It’s a controversial judgment, but the evidence indicates the two most successful prime ministers in Australian history were Labor’s Bob Hawke and the Liberal Party’s John Howard. Both achieved significant economic and social reform and both managed to win four elections.

Neither man is their party’s favourite prime minister. On the Labor side, the position is contested between John Curtin, Gough Whitlam and perhaps Paul Keating. On the Coalition side of politics, Robert Menzies – who won seven elections as Liberal Party leader – is the standout candidate. Curtin died in office and Whitlam was rejected by the electorate after only three years of Labor. Whitlam presided over an incompetent administration. Keating was a significant economic reformer but did not hold office for long.

Menzies was a fine politician but he benefited from a divided and poorly led Labor opposition. Moreover, Menzies’ main contribution to public life was not taking Australia down the path of democratic socialism. A real achievement, to be sure. Yet not one of the reforming kind.

Of course, the Hawke and Howard legacies were very much assisted by the contributions of others – including their respective treasurers, Keating and Peter Costello. Nevertheless we tend to associate successful governments with the politicians who lead them. The success of the Hawke, Keating and Howard governments has led to a situation where Australia has one of the strongest economies in the Western world. This fact makes political life difficult for the Prime Minister, Julia Gillard, and the Opposition Leader, Tony Abbott. Their actions are judged against very high benchmarks.

In view of the global economic uncertainties and the reality of minority government, if Australia can get through the next three years without winding back too much of the reform agenda of the past quarter of a century it will have done well enough. At the end of one of the most vibrant years in Australian politics, it is timely to challenge some of the myths and theories that have emerged about the contemporary political situation.

There is little doubt that the likes of Mark Arbib, Bill Shorten and Paul Howes saved Labor from outright defeat at the August 2010 election. In his autobiography Lazarus Rising, Howard writes that “Kevin Rudd would have led the ALP to a clear victory if he had still been PM” and opines that “it was a colossal blunder by Labor to dump him”.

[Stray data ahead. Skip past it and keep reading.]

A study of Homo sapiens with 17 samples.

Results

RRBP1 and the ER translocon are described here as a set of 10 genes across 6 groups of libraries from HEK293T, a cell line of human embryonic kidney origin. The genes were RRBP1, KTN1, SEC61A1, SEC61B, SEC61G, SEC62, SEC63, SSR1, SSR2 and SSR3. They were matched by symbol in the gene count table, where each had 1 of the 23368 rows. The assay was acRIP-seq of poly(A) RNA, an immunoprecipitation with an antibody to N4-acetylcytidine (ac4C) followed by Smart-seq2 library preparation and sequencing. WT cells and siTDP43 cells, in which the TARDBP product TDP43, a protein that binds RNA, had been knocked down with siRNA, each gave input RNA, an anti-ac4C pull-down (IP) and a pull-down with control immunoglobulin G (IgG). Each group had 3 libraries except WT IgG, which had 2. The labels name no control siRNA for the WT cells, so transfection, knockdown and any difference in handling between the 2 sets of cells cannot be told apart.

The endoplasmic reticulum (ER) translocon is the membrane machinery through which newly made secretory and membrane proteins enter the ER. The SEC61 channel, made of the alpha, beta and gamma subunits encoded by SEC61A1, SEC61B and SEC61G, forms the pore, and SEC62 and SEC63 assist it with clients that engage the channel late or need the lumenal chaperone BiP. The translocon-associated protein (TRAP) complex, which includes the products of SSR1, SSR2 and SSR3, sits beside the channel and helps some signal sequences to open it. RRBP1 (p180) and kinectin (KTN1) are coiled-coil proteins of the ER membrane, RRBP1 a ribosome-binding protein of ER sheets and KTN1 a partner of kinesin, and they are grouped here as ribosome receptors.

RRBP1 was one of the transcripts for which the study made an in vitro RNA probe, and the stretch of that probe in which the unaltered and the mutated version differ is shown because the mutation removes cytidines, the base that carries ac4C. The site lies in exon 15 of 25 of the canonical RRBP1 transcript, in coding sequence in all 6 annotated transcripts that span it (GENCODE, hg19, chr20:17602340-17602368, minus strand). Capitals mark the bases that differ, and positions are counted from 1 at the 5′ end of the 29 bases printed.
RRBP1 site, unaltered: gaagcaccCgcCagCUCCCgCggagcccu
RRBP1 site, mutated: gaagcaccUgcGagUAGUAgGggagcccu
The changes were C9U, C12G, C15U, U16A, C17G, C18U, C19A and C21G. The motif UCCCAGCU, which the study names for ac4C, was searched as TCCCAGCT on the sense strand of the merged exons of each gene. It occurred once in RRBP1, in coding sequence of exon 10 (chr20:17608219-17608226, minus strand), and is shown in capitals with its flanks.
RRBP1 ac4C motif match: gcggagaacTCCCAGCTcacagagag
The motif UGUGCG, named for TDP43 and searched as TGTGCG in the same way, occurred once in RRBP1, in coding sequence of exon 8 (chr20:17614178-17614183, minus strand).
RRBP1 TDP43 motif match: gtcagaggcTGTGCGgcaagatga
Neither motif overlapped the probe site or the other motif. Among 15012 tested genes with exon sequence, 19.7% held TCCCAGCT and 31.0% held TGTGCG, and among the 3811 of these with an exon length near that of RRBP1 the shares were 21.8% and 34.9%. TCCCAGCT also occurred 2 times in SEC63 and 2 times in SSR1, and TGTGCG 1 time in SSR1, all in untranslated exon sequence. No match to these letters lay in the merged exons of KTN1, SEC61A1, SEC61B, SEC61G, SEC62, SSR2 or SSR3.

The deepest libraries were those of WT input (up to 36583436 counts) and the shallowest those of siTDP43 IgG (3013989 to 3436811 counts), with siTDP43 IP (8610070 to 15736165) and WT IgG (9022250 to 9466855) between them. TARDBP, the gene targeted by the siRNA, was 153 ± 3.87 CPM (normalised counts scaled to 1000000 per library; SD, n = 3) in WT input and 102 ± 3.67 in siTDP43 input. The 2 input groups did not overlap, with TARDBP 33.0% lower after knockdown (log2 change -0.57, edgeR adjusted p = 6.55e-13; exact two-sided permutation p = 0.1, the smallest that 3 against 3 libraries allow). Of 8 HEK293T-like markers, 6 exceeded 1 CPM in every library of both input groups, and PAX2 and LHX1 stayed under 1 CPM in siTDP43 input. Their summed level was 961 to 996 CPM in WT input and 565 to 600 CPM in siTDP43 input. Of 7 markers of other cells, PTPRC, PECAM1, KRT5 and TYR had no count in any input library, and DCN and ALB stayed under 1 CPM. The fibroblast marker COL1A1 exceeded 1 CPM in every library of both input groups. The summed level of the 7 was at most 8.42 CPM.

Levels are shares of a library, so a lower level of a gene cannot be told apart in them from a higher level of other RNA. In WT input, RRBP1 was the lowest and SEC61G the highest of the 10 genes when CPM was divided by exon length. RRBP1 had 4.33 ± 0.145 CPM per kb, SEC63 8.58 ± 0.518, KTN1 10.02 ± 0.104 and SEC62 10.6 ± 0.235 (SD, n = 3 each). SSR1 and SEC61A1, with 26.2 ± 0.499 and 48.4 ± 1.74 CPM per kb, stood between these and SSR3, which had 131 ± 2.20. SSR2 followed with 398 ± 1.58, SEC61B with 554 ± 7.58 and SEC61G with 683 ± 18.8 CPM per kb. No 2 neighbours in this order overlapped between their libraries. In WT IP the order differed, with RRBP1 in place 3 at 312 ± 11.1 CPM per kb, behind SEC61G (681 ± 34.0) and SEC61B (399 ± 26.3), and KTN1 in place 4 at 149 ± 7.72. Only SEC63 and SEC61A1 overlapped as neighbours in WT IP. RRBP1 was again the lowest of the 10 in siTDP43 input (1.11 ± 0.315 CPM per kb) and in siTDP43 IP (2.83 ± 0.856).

This is a contentious judgment. If Gillard had not replaced Rudd, it is likely that the Coalition would have formed government. Labor scraped back into office after winning two seats in Melbourne’s eastern suburbs. Gillard had significantly more appeal than Rudd in Victoria, where she enjoys a home-state advantage and where Abbott has yet to make an impact.

Also Rudd’s appeal in Queensland, where Gillard Labor polled poorly, has been exaggerated. The primary vote swing against Rudd in his electorate of Griffith was 9 per cent compared with a statewide primary swing against Labor of 9.3 per cent.

There is no doubt that, contrary to the claims of some commentators, Abbott was the best person to lead the Coalition. The facts speak for themselves. It is just one year since Professor Robert Manne speculated that Malcolm Turnbull’s replacement by Abbott could lead to “the destruction of the Liberal Party”. Around the same time, Professor Judith Brett wrote that, under Abbott, “the Liberals risk becoming a downmarket protest party of angry old men and the outer suburbs”.

Both assessments were hopelessly wrong. Many of the Coalition’s critics underestimated Abbott. The fact that the Coalition achieved 49.9 per cent of the total vote demonstrates Abbott’s appeal – especially since he was running against a first-term Labor government at a time when Australia had perhaps the best performing economy in the OECD.

It is quite possible that the Gillard government will survive the full term. This, obviously, is in Labor’s interests. But it would also suit the Greens MP, Adam Bandt, the independent MP Andrew Wilkie (who is a former Greens candidate) and the two rural NSW independents – Rob Oakeshott and Tony Windsor. All four run the risk of losing their seats at the next election – either to Labor (Bandt, Wilkie) or the Coalition (Oakeshott, Windsor). If Labor survives until 2013, it is reasonable to expect that it will be led to the polls by Gillard.

It is likely that Abbott will lead the Coalition to the next election. The Liberals are most unlikely to return to Turnbull and Joe Hockey appears to be of the view that Abbott deserves another chance. Abbott has his critics in the media but he has been able to unite the Liberals and to preside over a relatively unified coalition of Liberals and Nationals. This demonstrates considerable people skills.

It is too early to make even a vague prediction. But Abbott has a reasonable chance of winning the next election. He needs to improve the Coalition’s vote in suburban Melbourne, western Sydney and on the NSW central coast. The Coalition has a chance of winning the seats held by Oakeshott and Windsor. And it may be able to do even better in Queensland and make inroads in northern Tasmania.

As the Victorian election demonstrated, the Greens are not as influential as many of their supporters imply. In August, the Liberals erred in preferencing Bandt in the seat of Melbourne. Next time around the Coalition can put Labor ahead of the Greens on its how-to-vote card and then campaign against a Labor-Greens alliance, based on the agreement that Gillard signed with Greens leader Bob Brown in September.

Three years is a very long time in politics and only fools make prophecies. However, it seems likely that Australian politics over the next three years will resemble that of the past four months. It will be a hard grind, with neither a Hawke nor a Howard in sight.